Nobody likes to be the bearer of bad news. When you're on the giving end, sugarcoating might feel helpful in breaking the ice or make you feel more comfortable ruining someone's future. We end up trying to cushion the blow with a little small talk and circumlocution. What ensues is probably bewilderment, even denial, on the receiver's end, and you end up making a hack job out of it.
A recent study by professors at the Brigham Young University (BYU) and the University of South Alabama found that when you're delivering with bad news, the best thing to do is to just spit out.
BYU's linguistics professor Alan Manning and South Alabama's Nicole Amare analysed 145 students who received bad news in a variety of scenarios. Participants then shared how clear, considerate, direct, efficient, honest, specific, and reasonable they felt each delivery was, and ranked which type of delivery they preferred. Turns out most people wanted their bad news straight up, with very little, if any, buttering up. When it came down to it, they valued clarity and directness above all else.
And that's completely relatable. People pick up on when they're being buttered up for bad news—it only amps up their anxiety. Why make a person go paranoid waiting for you to get the point just because you can't find the right words? Some might even call it manipulative.
But should foregoing all niceties always be your modus operandi? Yes, excluding certain scenarios. When it comes to a break-up or a lay-off, people prefer a tiny amount of a polite buffer. Manning explains, “An immediate 'I'm breaking up with you' might be too direct. But all you need is a 'we need to talk' buffer—just a couple of seconds for the other person to process that bad news is coming.”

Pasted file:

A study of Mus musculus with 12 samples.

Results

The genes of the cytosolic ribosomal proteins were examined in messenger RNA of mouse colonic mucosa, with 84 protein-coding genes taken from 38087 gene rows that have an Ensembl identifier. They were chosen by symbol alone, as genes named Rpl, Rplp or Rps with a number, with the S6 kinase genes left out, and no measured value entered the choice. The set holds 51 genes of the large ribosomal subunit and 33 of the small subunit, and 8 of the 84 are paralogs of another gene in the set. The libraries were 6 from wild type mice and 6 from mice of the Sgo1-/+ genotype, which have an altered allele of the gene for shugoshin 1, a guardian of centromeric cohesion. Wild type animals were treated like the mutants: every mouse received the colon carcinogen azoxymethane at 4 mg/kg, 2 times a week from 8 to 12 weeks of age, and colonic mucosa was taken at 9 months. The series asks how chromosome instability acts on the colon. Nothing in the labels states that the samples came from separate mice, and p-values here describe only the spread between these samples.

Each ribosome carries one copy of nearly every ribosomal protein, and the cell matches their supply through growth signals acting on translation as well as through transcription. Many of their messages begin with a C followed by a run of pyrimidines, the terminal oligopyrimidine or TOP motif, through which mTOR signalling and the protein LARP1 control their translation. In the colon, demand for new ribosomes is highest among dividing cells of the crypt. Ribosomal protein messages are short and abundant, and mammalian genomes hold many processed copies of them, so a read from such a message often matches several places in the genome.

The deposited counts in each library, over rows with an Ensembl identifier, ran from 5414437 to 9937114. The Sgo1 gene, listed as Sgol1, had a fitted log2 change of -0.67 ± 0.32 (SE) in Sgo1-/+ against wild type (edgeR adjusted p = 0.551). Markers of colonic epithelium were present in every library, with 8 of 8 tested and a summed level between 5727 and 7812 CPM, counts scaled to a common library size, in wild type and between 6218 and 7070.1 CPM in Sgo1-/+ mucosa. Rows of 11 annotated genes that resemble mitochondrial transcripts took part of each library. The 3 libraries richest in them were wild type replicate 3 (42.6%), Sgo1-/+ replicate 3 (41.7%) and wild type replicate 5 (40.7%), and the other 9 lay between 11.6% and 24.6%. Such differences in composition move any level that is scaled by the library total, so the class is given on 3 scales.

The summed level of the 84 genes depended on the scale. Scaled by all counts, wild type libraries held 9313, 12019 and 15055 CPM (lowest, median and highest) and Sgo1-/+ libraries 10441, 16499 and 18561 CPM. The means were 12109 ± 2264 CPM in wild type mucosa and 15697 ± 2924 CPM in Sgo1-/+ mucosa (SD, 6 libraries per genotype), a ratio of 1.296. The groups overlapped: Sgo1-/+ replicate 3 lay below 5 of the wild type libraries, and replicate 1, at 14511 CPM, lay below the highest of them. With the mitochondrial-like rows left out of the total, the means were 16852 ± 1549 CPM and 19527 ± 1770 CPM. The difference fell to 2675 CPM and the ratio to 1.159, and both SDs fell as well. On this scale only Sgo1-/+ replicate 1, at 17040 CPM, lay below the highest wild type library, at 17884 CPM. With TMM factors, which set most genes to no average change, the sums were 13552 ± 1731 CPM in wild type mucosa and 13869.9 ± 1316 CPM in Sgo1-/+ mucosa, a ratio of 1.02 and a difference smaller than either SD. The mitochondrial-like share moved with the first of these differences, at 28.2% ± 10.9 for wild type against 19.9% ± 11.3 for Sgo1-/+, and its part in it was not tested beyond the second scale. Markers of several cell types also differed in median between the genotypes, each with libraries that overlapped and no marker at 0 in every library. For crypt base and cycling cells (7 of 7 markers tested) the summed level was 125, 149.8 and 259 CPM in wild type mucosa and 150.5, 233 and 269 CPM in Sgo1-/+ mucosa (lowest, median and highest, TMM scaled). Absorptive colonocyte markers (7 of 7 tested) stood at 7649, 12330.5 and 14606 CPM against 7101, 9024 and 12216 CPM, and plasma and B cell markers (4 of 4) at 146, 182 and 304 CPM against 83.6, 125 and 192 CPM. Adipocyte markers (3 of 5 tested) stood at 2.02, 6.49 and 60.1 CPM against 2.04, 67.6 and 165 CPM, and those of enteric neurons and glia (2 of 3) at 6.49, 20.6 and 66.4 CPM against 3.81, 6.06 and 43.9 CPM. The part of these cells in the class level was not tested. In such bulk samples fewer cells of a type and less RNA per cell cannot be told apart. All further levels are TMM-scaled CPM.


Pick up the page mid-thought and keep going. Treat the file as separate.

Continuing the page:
While that's makes sense in many ways, when it comes to bad news regarding facts, especially those that affect your wellbeing, it might be better to just let the Band Aid rip. “If your house is on fire, you just want to know that and get out. Or if you have cancer, you'd just like to know that. You don't want the doctor to talk around it,” Manning says.
But those with a predilection to start-with-a-positive feel otherwise. Dr Robert Buckman, a medical oncologist who currently teaches IBM execs, amongst others, how to share bad news, advises you shouldn't get right down to it.
His protocol starts off by listening. Ask open-ended questions about how the other person is feeling, how their day is going, etc, and then get to the news. You could use a word or phrase they finished with to show you were sincerely listening.
Dr Buckman also suggests asking for their perspective first. If you're going to give your employee a bad review, a good way to broach the subject would be to start by asking what they think of their own performance.
Other experts say it's not the wording, but the tone that matters to the receiver. A study by Saarland University in Germany that analysed 400,000 employment tribunal cases (half of which had to do with lay-offs) found that employees were much likelier to react aggressively when their managers spoke to them aggressively.
And if you're still not sure what do, simply imagine yourself in their shoes: would you prefer the quick-and-dirty or have them tell you softly? You'll find the direction you need.
Amiya is In-charge of the career publication of The Daily Star.